The Nueva Esperanza shelter holds 150 families in this hot and humid stretch along the Caribbean Sea. The region just beyond here suffered massive flooding in late 2010, part of an ongoing deluge that Colombia's president has called the "the worst natural disaster that we can remember." Heavy rains filled lakes and rivers, which then spilled onto farmlands, washed out roads and inundated local communities.
Nayis Mariaga and her family built their home in one of the flooded-out communities. She and her neighbors had no option but to flee. Nayis, her husband and her four children now live in Nueva Esperanza.
Mercy Corps has partnered with a local charity, Pastoral Social, to help Nayis and her neighbors get the support they need to survive their displacement. Nayis is one of 15 leaders who Mercy Corps is connecting to government services, training on conflict resolution and giving the tools to prepare for future disasters. They're appealing for assistance the government is responsible for providing in emergencies, like clean water and food.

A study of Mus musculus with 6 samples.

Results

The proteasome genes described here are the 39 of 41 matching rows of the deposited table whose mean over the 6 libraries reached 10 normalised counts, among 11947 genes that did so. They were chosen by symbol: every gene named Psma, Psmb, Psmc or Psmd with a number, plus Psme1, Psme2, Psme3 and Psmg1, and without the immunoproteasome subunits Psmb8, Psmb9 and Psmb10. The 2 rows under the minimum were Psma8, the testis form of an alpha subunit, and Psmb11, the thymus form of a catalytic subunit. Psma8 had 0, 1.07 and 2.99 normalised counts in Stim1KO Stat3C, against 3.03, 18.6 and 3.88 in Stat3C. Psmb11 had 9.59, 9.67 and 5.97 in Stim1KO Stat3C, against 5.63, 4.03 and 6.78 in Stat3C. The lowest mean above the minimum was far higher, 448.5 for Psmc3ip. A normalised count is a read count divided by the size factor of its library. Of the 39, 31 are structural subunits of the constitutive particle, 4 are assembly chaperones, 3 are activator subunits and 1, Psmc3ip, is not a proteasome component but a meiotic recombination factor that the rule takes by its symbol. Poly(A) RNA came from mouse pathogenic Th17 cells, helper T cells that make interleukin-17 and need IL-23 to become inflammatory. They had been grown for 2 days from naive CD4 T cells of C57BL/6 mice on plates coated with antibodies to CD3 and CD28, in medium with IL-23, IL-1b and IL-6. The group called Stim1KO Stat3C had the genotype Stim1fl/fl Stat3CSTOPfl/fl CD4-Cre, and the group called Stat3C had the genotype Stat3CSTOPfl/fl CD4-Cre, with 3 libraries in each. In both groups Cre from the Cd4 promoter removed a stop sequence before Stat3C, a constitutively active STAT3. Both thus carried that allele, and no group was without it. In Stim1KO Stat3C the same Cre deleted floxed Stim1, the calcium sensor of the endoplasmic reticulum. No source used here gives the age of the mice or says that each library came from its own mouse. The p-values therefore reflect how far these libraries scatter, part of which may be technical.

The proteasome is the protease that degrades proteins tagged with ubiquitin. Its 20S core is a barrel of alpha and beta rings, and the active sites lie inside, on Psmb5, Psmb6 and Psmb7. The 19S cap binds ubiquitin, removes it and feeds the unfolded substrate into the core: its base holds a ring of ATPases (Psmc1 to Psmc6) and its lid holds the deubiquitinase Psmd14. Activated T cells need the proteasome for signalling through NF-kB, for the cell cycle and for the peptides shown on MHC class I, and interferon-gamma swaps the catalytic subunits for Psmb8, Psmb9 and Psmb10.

Times are tough, and the new neighborhood isn't much — 15 identical streets lined with adjoining concrete homes and latrines out back. But with Mercy Corps’ help, Nayis and her community are persevering. When Nayis isn’t advocating for the families of Nueva Esperanza, she mends clothes with a sewing machine saved from the floods. It is a small but important source of income for her family. "I charge less because I’m trying to help others," she told me. "We all have to help each other."